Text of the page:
Below is a guest blog from Mathew Taylor, ICT Solutions Strategist & Architect at Intel Corporation, who will be speaking at next week’s Hospital Cloud Forum in New York City.
We live in a mobile world, and healthcare technology is moving in that direction as well. Access to laptops, tablets, smart phones, and electronic medical devices, can play a key role in enabling better care with improved efficiency.
Virtual collaborative services, chronic disease management, and patient education are just three examples of how mobility shifts the healthcare delivery model towards higher quality care at lower cost.
The ability for health professionals to have remote access from anywhere to health data and to be able to share that data securely with patients AND other providers has great value. The latest personal mHealth app may inspire, but the ability for patients and health workers of varying skill levels to collaborate to achieve coordinated care is needed to support long-term improved outcomes, reducing office visits, admissions, and readmissions.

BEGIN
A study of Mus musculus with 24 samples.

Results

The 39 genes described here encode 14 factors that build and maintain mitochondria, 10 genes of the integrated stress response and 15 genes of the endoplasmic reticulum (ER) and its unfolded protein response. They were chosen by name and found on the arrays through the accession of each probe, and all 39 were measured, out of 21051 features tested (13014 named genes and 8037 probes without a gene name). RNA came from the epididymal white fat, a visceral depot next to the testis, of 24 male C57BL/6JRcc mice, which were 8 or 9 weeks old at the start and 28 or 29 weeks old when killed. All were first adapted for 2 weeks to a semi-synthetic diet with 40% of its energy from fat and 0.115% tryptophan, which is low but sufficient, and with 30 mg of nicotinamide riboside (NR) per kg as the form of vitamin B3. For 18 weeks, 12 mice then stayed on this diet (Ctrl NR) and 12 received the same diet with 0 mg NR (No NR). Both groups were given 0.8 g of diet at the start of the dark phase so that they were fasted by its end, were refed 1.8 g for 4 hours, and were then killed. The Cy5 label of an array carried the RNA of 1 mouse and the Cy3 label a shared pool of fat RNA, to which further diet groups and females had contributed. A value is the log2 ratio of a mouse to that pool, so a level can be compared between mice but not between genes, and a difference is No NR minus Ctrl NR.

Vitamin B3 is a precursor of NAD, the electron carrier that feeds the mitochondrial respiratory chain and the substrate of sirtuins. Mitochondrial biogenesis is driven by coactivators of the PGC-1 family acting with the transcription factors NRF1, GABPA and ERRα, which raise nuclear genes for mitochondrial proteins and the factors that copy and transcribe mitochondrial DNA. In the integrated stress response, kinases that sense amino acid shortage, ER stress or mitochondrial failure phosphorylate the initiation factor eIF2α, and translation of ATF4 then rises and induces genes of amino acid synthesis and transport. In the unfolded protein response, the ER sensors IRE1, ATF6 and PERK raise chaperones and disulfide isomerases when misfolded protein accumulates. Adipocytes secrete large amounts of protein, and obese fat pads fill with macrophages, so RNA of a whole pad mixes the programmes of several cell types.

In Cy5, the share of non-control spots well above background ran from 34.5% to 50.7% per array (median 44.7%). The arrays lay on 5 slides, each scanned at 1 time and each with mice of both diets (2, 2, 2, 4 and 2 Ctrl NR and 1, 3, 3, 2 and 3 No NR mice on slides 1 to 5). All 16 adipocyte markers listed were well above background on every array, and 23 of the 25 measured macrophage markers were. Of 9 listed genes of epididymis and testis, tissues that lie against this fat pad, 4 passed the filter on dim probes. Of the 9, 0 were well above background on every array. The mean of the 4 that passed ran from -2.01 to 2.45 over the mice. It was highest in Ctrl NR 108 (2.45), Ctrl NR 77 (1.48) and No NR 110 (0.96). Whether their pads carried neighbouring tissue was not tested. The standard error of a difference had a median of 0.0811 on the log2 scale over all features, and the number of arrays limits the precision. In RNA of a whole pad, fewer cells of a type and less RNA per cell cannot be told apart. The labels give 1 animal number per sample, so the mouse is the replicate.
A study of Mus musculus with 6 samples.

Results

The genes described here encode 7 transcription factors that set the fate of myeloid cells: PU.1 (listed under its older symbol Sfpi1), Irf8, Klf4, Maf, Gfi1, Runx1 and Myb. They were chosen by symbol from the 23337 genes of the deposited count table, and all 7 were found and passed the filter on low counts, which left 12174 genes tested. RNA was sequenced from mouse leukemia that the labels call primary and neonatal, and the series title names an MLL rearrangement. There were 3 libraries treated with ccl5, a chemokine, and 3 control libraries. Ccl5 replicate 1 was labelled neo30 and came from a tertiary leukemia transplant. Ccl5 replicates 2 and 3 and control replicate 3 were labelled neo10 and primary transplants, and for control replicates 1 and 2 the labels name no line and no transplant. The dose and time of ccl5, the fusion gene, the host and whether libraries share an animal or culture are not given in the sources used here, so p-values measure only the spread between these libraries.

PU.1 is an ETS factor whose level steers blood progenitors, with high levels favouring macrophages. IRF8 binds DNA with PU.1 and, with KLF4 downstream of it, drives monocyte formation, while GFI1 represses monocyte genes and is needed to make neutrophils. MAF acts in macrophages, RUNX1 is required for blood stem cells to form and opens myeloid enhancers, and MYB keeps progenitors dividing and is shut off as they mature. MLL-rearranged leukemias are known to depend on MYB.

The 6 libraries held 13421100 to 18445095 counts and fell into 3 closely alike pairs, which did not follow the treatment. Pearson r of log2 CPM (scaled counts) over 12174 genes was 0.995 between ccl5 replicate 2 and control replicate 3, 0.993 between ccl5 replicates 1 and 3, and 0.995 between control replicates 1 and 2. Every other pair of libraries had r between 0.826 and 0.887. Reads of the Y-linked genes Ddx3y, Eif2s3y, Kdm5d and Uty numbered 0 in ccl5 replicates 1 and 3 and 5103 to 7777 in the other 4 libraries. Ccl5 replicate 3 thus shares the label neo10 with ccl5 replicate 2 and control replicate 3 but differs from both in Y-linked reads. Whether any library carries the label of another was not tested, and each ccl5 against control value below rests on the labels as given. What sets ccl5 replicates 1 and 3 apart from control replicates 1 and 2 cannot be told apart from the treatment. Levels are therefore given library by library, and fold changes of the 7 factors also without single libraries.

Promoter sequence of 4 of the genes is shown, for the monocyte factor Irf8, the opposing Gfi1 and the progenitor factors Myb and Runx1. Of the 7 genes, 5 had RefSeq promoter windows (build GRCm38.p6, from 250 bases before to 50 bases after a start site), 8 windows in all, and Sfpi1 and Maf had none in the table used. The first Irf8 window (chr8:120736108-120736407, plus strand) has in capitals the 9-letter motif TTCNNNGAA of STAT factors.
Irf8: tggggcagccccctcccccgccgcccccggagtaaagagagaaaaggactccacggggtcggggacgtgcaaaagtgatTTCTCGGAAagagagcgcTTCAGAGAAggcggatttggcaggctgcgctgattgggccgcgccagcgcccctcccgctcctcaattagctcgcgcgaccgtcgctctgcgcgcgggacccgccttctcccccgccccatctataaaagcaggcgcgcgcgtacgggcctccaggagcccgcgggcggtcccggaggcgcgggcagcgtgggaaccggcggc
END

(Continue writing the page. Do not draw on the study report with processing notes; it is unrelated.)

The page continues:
However, mobility requires you to think carefully about your target usage scenarios, like being able to view medical records and imaging data while securely sharing screens. Ensuring devices have the needed performance, security, and manageability to deliver a productive and secure user experience is critical. The 2012 Ponemon Institute survey on Patient Privacy & Data Security shows that the average organization in its study has lost $2.4 million over the last two years due to data breaches, so look for the latest encryption and anti-theft features.
Next week on April 16, I’ll be participating in a panel discussion about mobility. If you are in the New York area, come be a part of the Hospital Cloud Forum at the Union League Club in New York City and sit in on the panel, mHealth: Balancing the Benefits and Risks.
What questions do you have about mobility in healthcare IT?